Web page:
The International Press Institute (IPI) today strongly condemned the murders of three Mexican photojournalists and a newspaper employee, whose dismembered bodies were found wrapped in plastic bags and dumped in a canal in the state of Veracruz yesterday.

The gruesome discovery in the port town of Boca del Río came as IPI marked World Press Freedom Day, and less than a week after Mexican investigative journalist Regina Martínez was found beaten and strangled to death in her home in the Veracruz state capital of Xalapa.

The victims have been identified as Guillermo Luna Varela, a crime photographer for the website Veracruznews; Gabriel Huge Córdova, a photojournalist who previously worked for Notiver; and Esteban Rodríguez Rodríguez, formerly of the news website AZ and TV Azteca.  A fourth body was identified as Irasema Becerra, Luna’s girlfriend and an administrative assistant at El Dictamen de Veracruz newspaper.

Reports indicate that all three journalists had temporarily fled Veracruz last summer following the murders of two Notiver journalists.  Huge had recently returned to work as a freelancer for Veracruznews, while Rodríguez was reportedly working as a welder in an autoshop.

According to media accounts, the families of Luna and Huge reported the two journalists as missing Wednesday afternoon when the pair failed to answer their cell phones or the pocket radios that they carried as a security measure.  On Thursday, passers-by alerted police to suspicious-looking plastic bags in a wastewater canal.  The Veracruz state Attorney General’s Office said the four bodies bore signs of torture and had been dismembered.

IPI Acting Deputy Director Anthony Mills said today, “These grotesque killings come at the end of an already tragic week for the media in Veracruz and in all of Mexico.  We offer our deepest sympathies to the family, friends, and colleagues of all four of yesterday’s victims.  On a day designed to highlight the importance of free and independent media, these brave journalists had their lives brutally stolen from them.”

Yesterday’s chilling find reinforces the extreme risk facing journalists in Mexico, which last year was the deadliest country in the world for the media.  10 Mexican journalists lost their lives because of their work in 2011 according to IPI’s Death Watch.  42 have died since 2008.

The danger for journalists is particularly high in Veracruz, where competing drug cartels battling for control of the state’s largest cities have sent levels of violence skyrocketing.  Corruption is also rife: in December, the state government disbanded the entire police force in the port city of Veracruz and invited the federal navy in to patrol.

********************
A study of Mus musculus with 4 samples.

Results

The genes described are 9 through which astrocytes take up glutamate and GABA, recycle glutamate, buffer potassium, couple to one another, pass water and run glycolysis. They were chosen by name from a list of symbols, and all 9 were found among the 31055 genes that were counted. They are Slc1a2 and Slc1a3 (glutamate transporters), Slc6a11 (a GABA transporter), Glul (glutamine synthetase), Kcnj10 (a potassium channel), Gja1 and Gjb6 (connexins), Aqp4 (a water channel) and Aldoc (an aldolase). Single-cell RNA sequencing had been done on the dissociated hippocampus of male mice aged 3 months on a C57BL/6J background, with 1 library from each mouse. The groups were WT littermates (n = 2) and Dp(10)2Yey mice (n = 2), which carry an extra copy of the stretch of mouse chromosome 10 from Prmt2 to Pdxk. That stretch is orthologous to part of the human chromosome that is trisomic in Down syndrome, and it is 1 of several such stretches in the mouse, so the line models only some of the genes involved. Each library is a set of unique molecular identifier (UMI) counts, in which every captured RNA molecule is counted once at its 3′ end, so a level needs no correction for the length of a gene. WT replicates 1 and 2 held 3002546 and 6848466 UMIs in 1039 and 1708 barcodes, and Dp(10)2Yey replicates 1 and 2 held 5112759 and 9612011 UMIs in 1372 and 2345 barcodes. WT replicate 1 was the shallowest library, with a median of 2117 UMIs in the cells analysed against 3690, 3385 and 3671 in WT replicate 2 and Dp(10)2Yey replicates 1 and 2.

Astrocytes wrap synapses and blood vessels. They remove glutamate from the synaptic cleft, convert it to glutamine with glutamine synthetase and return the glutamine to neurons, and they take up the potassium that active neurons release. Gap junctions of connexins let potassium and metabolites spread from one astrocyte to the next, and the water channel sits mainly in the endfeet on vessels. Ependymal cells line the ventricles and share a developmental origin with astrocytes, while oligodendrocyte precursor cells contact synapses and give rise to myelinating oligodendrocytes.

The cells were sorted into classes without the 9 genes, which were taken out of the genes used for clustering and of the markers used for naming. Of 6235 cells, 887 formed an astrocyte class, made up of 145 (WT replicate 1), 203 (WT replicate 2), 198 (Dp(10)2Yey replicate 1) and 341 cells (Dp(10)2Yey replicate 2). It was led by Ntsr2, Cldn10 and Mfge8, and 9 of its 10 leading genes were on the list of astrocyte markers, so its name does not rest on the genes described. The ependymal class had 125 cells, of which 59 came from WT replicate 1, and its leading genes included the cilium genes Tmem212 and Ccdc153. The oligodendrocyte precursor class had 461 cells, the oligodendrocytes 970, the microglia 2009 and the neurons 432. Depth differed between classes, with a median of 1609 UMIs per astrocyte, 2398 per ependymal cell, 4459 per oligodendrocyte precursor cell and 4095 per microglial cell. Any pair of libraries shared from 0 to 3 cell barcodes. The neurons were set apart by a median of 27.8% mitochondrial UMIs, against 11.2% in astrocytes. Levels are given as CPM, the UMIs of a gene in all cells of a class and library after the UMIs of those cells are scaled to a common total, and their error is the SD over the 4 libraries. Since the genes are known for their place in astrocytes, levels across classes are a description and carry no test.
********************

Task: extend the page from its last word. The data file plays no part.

Four journalists were killed last year in Veracruz state, along Mexico’s eastern coast.  Notiver editor Miguel Angel López Velasco was murdered along with his wife and son – a news photographer – by gunmen who broke into their home in the city of Veracruz.  In June, a female police beat reporter for Notiver, Yolanda Ordaz de la Cruz, was found with her throat slit in Boca del Río after receiving anonymous threats.  Police last May discovered the body of Noel López Olguín in an unmarked grave after a drug gang leader confessed to kidnapping and killing Olguín two months earlier.

Mills continued, “The existential crisis facing Mexican media continues to grow.  The inability of Mexican authorities to bring those responsible for crimes against journalists to justice is empowering enemies of the press and allowing acts of violence against the media to be perpetrated repeatedly with impunity.  The resulting media self-censorship is dearly costing all Mexicans, who are being deprived of information about the forces ravaging their country.”

Despite the enormity of the challenge, Mills said he saw reason for hope, noting that the Mexican Senate last month finally passed a constitutional amendment that would federalise crimes against journalists.  While the amendment must first be ratified by the requisite number of state congresses, Mills emphasised: “it is absolutely critical that sufficient funds and resources be allocated to federal investigators so they can start supporting the work of regional and local law enforcement.”

On Monday, the Mexican House unanimously approved a separate measure requiring authorities to provide special protection – including bodyguards, armoured cars, and satellite phones – to threatened journalists, news reports said.  The bill, which had been unanimously passed by the Senate last week, will now to go to President Felipe Calderón for his signature.  IPI strongly urges the president to sign the bill into law.

In a special IPI feature to mark World Press Freedom Day, Mexican journalist Marcela Turati, an investigator with Proceso newsmagazine, described how Mexican journalists have become war correspondents in their own country as President Felipe Calderón’s efforts to combat drug trafficking intensified.

The work of the Mexican media, Turati said, was now wrapped up in fear and basic survival. She wrote: “No statistic can reflect the horror, the feelings of censured or threatened journalists, who have lived with nightmares, who have their last will ready, or who have already been displaced from this earth.”